Shoop's Stoop - December 2021 Newsletter

POSTED ON: December 7, 2021

Shoop Stoop Graphic

As we quickly approach the end of Fall Semester 2021, I ask that you again join me on Shoop’s Stoop where I share some of the great things happening in the Albert Nerken School of Engineering.

The fall semester began with a palpable feeling of relief, excitement, and promise as we returned to in-person learning in 41 Cooper Square. Students, faculty, and staff have all been thankful to return to a sense of normal, albeit with masks and weekly testing. The classrooms, labs, shops, and makerspaces have all been humming and even with the masks, you could sense smiles on everyone’s faces!

With the return to in-person learning I have returned to my classroom visitation routine. I have been visiting classes across the school as a way to observe the wide variety of teaching techniques and pedagogies being used, better understand the curriculum, and provide feedback from my nearly 30-years of higher education experience. I had the opportunity to refresh my memory on topics including Lagrange multipliers, P=NP? problem or Turing machines, adiabatic, isothermal, and other thermodynamic processes and the Carnot cycle, computation of settlement and diffusion in environmental systems and others – it was epic! I am happy to share that I observed a lot of active, student-centered, project-based learning as well as effective teaching pedagogy. I am confident that our faculty are preparing our students to succeed in the dynamic and increasingly complex world they will enter upon graduation.

Over the summer of 2021, the Board of Directors of the IDC Foundation awarded The Cooper Union a three-year grant totaling $471,000 in support of the proposed IDC Innovation Initiative: Innovation at the Intersection of Architecture and Engineering. This grant will support (1) IDC Foundation Innovation Fund for the Deans of Engineering and Architecture to launch new interdisciplinary and cutting-edge enterprises and (2) IDC Foundation Art, Architecture, Construction and Engineering (AACE) Lab Advancement Fund from which faculty and students can propose and implement their own burgeoning innovative ideas and galvanize activity in the new AACE Lab. The first year of this effort has already seen progress. In Civil Engineering, one of our capstone project teams selected as their project to design a new student center for the Cooper Union in a currently empty lot next to our existing residence hall at St. Marks and 3rd Avenue. For the first time, the civil engineering capstone team has integrated students from the Irwin S. Chanin School of Architecture. Additionally, Professor Cosmas Tzavelis from Civil Engineering is collaborating with Professor Julian Palacio from Architecture to design a new interdisciplinary course that will use the AACE Lab to explore transformative ideas about the relationship between structure, form, materials and new technologies for design and fabrication. It’s exciting to see activities at the intersection of civil engineering and architecture!

In early November, our chemical engineers took the American Institute of Chemical Engineers (AIChE) Annual Meeting in Boston, MA by storm! We had four tenured and tenure-track faculty and 12 students and alumni present results of research conducted at Cooper. In addition, several of our students received awards in the Undergraduate Research Poster Competition. You can find details of this in an article in this issue of the newsletter.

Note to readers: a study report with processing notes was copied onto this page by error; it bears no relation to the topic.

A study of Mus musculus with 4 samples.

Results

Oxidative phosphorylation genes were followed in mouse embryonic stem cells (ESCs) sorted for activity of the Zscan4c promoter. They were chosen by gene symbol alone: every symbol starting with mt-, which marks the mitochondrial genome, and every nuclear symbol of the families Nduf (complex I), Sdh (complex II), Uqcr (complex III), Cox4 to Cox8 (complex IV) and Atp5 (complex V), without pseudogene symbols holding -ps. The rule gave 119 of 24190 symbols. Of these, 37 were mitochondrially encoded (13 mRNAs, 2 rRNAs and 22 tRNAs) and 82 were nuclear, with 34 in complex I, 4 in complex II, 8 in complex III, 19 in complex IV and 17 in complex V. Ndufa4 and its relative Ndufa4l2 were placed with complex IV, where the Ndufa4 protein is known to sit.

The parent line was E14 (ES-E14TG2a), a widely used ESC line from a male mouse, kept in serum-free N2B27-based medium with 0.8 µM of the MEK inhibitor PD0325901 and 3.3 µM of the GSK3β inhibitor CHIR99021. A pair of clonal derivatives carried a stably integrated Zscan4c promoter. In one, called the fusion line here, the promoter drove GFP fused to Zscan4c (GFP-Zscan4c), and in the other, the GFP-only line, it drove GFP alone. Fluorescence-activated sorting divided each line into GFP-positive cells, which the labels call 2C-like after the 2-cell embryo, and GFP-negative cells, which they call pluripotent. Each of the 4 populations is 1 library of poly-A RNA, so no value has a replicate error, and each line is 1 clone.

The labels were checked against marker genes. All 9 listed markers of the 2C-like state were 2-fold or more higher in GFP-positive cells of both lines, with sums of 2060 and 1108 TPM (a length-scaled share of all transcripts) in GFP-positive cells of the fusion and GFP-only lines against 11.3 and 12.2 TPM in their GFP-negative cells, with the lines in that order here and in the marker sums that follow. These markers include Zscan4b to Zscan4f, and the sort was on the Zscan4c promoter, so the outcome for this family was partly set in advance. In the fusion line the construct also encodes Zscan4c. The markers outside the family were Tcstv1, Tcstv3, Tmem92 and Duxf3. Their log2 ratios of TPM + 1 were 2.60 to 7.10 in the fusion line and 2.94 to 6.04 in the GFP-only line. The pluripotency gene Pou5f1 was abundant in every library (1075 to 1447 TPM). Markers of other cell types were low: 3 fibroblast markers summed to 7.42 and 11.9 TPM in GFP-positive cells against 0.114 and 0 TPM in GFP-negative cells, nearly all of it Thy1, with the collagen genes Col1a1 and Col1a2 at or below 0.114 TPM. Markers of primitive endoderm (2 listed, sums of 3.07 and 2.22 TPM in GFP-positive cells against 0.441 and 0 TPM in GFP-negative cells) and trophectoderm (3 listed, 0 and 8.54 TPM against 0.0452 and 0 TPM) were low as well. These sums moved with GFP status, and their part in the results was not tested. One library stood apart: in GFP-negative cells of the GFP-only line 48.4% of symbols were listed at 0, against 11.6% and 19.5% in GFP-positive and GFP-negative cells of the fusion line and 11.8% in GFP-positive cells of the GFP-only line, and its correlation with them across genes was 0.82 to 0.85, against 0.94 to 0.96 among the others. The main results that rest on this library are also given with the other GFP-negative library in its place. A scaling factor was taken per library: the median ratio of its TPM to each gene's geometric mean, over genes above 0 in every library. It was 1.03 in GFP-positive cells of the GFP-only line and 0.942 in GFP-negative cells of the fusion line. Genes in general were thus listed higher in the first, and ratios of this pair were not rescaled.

Also in November, we had the distinct pleasure of hosting Dean Kamen for a conversation with our engineering students. Dean Kamen is an American engineer, inventor, and businessman. He is known for his invention of the Segway and the iBOT all-terrain electric wheelchair, as well as founding FIRST Robotics. He is a member of the National Academy of Engineering, the National Inventors Hall of Fame, received the National Medal of Technology and Innovation, the Hoover Medal, and the Lemelson-MIT Prize for inventors, among many, many others. He is the founder and CEO of DEKA Research and Development in New Hampshire. He was at Cooper looking for exceptional engineering talent. It was a great opportunity for our students to engage with someone of his talent, experience, and vision!

I encourage you to take time to read all the articles in this newsletter. They include student activities and successes, faculty contributions and accomplishments, curricular initiatives, and alumni activities.

Thank you again for sharing your valuable time with me on Shoop’s Stoop! It continues to be an exciting time to be part of the Albert Nerken School of Engineering. I look forward to sharing additional updates in future editions.

Barry L. Shoop, Ph.D., P.E.  |  Dean of Engineering  |  Albert Nerken School of Engineering

Barry L. Shoop
  • Founded by inventor, industrialist and philanthropist Peter Cooper in 1859, The Cooper Union for the Advancement of Science and Art offers education in art, architecture and engineering, as well as courses in the humanities and social sciences.

  • “My feelings, my desires, my hopes, embrace humanity throughout the world,” Peter Cooper proclaimed in a speech in 1853. He looked forward to a time when, “knowledge shall cover the earth as waters cover the great deep.”

  • From its beginnings, Cooper Union was a unique institution, dedicated to founder Peter Cooper's proposition that education is the key not only to personal prosperity but to civic virtue and harmony.

  • Peter Cooper wanted his graduates to acquire the technical mastery and entrepreneurial skills, enrich their intellects and spark their creativity, and develop a sense of social justice that would translate into action.